Gender Roles


Gender Roles

the differences in emotional meanings and societal expectations between those born male and those born female

This dimension can be a bit tricky, and it is essential to understand the distinction here between gender and sex. Gender (how a person identifies on the spectrum of masculinity versus femininity) is not to be confused with a person’s physiological birth sex (male versus female). This distinction allows the possibility for men to be feminine and women to be masculine (or any other combination).

To make this perhaps more confusing, Hofstede uses the terms “feminine” and “masculine” to refer to the amount of separation in emotional meaning between those born male or female. For example, a masculine society is one in which emotional gender roles are more distinct (there is a large separation between what it means to be male versus female), and a feminine society is one in which emotional gender roles are less distinct (the lines are blurred between what is expected of males and females).

Below is a comparison of some of the characteristics found in feminine versus masculine cultures:

Feminine

  1. Emphasis on Work/life balance
  2. Both parents deal with feelings
  3. Jealousy of the strong
  4. Sympathy for the weak
  5. No one should fight / either gender can cry
  6. Religion – focus on fellow human beings
  7. Sexuality as a means for couples to relate to one another

Masculine

  1. Work takes precedence over family
  2. Father should deal with facts, Mother with feelings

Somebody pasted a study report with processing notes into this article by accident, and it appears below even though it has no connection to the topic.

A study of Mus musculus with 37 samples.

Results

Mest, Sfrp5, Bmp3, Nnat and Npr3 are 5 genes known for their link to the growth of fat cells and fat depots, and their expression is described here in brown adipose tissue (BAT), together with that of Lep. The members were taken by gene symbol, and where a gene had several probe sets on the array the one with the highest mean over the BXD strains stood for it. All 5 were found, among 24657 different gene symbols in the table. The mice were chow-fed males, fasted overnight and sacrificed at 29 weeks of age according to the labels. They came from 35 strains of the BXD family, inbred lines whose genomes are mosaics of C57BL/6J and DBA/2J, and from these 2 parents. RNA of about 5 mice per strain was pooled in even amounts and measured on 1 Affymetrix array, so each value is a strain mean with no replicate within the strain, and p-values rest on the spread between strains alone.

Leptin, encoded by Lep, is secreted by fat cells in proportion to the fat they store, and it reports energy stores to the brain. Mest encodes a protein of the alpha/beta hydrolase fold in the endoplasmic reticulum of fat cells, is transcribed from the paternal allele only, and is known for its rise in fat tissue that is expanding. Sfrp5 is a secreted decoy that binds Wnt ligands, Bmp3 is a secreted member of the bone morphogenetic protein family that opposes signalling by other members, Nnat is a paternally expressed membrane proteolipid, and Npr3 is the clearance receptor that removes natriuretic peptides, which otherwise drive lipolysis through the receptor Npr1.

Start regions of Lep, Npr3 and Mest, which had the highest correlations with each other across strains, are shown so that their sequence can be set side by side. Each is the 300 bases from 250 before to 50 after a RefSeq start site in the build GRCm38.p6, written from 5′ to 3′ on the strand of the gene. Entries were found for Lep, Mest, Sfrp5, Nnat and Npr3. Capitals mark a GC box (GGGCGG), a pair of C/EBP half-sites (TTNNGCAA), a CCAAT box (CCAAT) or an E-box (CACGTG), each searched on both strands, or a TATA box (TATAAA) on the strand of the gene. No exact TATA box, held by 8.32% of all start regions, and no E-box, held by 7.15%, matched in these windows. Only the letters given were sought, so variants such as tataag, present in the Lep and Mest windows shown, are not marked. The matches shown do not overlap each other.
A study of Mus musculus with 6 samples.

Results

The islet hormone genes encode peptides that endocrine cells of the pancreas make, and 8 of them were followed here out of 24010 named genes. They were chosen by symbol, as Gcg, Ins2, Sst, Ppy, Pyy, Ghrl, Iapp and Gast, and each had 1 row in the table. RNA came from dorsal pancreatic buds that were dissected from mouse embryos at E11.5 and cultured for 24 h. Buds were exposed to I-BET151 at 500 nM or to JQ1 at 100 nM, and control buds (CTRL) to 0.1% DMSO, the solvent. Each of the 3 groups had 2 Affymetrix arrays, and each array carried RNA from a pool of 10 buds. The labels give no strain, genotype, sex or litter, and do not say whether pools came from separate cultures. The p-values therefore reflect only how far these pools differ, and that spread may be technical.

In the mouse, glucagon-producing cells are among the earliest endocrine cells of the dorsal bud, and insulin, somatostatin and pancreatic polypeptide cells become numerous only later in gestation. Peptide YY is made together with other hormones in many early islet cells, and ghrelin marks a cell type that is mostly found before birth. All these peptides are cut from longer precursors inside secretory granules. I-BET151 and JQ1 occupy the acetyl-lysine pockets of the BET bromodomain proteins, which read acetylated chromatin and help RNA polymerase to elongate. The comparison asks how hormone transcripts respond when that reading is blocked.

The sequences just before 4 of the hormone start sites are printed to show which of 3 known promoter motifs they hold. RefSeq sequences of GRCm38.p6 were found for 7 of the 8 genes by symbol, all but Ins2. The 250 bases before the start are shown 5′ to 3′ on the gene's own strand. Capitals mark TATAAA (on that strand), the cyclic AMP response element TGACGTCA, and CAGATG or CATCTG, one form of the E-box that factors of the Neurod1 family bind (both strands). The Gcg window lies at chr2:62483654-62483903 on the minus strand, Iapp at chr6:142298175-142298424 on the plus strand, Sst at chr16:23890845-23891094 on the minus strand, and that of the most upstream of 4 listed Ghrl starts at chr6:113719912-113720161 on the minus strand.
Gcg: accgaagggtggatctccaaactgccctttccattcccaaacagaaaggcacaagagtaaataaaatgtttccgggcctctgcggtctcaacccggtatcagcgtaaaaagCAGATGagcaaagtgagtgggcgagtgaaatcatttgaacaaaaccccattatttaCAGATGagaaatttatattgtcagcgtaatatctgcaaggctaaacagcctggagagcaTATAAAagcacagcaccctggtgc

3. Admiration for the strong
  4. Disdain for the weak
  5. Boys fight and should not cry
  6. Religion – God the Authoritarian father
  7. Sexuality as a means to perform (man as subject, woman as object)

Much like Social Dependence, a culture’s gender roles can only be measured in relation to other cultures. Hofstede measured this on the Masculinity Index (MAS) on a scale of 1-100, finding that cultures with greater femininity tended to be more literate, had fewer people below the poverty line, spent more on aid to poor countries, and had greater leisure time. Cultures with greater masculinity tended to be less literate, had more people below the poverty line, spent less on foreign aid, and spent more time working. He also observed a difference in the perception of poverty, with masculine societies perceiving poverty as the result of laziness and feminine societies perceiving it as the result of bad luck. However, there appears to be no relationship between masculinity and degree of wealth. It is also worth noting that this is the only data set where Hofstede’s results differed when polling men versus women.

Disrupt This!

Our contemporary understanding of gender has undergone tremendous changes in recent years. LGBTQ and Women’s rights movements are continually calling into question the balance between sex, gender, and identity. We are more sensitive than ever to the social forces which reinforce gender norms and stereotypes. Because of this sensitivity, Hofstede’s take on gender roles will likely seem oddly binary. I believe this dimension would be more useful to practicing designers if we dispel Hofstede’s masculine/feminine terminology and instead focus on some fundamental questions like:

  • What fixed gender roles exist and what cultural expectations follow them?
  • How do people conform to or rebel against these roles, and what are the social ramifications for doing so?